1. Aug 17, 2011 #1
    I've seen inner and outer Van Allen belt drawings that have the inner belt consisting of protons and the outer belt consisting of electrons. I am guessing this is due to differences in the mass density or the charge density differences of the two.

    So we have charge separation in the Van Allen belt, a potential difference, and a build up of this charge is all we need to reach the critical voltage to cause a current to flow.

    What would it take for the Van Allen radiation belt to discharge: solar storm, cosmic dust, distant gamma ray bursts? Anyone have data on the volume, charge density and other physical properties of the Van Allen belt?

    Because I was wondering if a possible bolide impact or volcanic eruption could cause a discharge. These would have to be significantly large events so I am trying to find out just how big they would have to be.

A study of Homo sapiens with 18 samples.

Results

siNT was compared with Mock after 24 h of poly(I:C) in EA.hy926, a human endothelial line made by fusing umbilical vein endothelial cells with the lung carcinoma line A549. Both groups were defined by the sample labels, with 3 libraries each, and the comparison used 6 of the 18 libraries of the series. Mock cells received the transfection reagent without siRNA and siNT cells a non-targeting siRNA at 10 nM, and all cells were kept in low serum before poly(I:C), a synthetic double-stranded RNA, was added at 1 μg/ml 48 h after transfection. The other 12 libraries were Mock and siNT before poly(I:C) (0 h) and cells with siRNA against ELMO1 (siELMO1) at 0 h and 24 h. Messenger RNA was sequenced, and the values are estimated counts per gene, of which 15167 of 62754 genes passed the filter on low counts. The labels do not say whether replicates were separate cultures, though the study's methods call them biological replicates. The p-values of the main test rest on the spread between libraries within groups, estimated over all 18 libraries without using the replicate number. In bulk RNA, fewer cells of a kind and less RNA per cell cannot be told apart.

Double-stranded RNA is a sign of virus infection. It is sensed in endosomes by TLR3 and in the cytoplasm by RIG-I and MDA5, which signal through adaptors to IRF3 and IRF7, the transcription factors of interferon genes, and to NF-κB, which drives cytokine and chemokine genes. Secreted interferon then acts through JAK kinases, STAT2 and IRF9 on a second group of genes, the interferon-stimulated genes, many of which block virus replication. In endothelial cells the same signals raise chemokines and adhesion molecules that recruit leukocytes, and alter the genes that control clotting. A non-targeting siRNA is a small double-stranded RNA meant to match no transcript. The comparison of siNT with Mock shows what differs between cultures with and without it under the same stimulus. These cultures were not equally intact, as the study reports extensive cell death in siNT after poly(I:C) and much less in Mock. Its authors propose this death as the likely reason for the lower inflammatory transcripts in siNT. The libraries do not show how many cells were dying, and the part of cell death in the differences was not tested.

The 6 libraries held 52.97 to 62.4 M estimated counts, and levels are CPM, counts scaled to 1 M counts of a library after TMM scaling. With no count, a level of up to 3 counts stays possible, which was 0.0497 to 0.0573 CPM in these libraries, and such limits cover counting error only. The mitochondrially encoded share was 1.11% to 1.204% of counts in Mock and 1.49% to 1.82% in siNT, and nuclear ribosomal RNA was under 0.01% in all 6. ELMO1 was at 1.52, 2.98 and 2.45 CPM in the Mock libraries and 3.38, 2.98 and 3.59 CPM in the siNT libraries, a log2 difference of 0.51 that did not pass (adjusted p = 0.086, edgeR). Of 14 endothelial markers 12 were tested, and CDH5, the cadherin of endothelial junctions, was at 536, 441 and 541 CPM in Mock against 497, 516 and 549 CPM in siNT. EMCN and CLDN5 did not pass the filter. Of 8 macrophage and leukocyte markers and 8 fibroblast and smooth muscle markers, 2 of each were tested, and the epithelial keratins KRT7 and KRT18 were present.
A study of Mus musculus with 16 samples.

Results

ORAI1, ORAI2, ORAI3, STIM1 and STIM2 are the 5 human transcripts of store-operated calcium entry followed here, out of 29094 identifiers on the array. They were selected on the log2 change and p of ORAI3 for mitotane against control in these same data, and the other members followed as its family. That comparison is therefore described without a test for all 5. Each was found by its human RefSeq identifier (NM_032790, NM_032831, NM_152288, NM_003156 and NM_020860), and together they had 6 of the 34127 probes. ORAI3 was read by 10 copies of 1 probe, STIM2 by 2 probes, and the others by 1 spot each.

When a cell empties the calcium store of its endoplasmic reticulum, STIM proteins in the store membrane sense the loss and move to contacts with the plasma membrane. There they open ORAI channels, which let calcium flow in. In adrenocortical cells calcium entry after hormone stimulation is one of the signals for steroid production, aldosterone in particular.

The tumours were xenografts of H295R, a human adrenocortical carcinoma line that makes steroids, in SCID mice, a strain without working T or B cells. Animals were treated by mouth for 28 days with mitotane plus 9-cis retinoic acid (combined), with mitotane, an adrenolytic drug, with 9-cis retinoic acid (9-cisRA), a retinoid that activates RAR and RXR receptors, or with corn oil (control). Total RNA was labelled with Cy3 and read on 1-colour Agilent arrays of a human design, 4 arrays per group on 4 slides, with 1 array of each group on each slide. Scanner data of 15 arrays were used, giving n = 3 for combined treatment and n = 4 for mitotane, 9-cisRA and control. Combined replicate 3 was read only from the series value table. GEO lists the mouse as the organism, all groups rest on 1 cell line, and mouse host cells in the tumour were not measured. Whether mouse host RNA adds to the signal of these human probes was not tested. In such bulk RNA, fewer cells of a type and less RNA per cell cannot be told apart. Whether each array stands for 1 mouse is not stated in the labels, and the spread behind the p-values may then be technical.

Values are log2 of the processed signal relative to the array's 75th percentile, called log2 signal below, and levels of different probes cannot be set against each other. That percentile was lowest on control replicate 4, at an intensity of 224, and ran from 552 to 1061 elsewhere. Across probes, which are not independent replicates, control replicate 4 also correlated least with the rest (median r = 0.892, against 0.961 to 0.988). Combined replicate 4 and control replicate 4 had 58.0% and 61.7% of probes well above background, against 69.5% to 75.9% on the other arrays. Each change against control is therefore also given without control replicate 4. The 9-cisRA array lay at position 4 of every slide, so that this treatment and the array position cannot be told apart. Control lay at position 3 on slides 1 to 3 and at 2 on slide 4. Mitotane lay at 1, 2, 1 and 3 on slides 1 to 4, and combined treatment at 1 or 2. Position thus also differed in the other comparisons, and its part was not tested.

2. jcsd
  3. Aug 17, 2011 #2
    I am not a expert in the area, but I don't think there are huge discharges between the outer and inner belts for the following reasons:

    1) The particles in the belts are not just floating is space. They are trapped by the earth's magnetic field. That is why the belt's exist in the first place and the why the particles don't just float away or gravitate to earth's surface.

    2) The distance between the rough outer edge of the inner belt and the inner edge of the outer belt is about 10,000 km. This distance is so large that the electrostatic force between a single electron and a single proton this far apart is negligible.

    3) The particles in the belts are moving at high speed, so you can't treat the system as an electrostatic system like a capacitor.

    4) The belts discharge gradually (leak) by interacting with the atmosphere.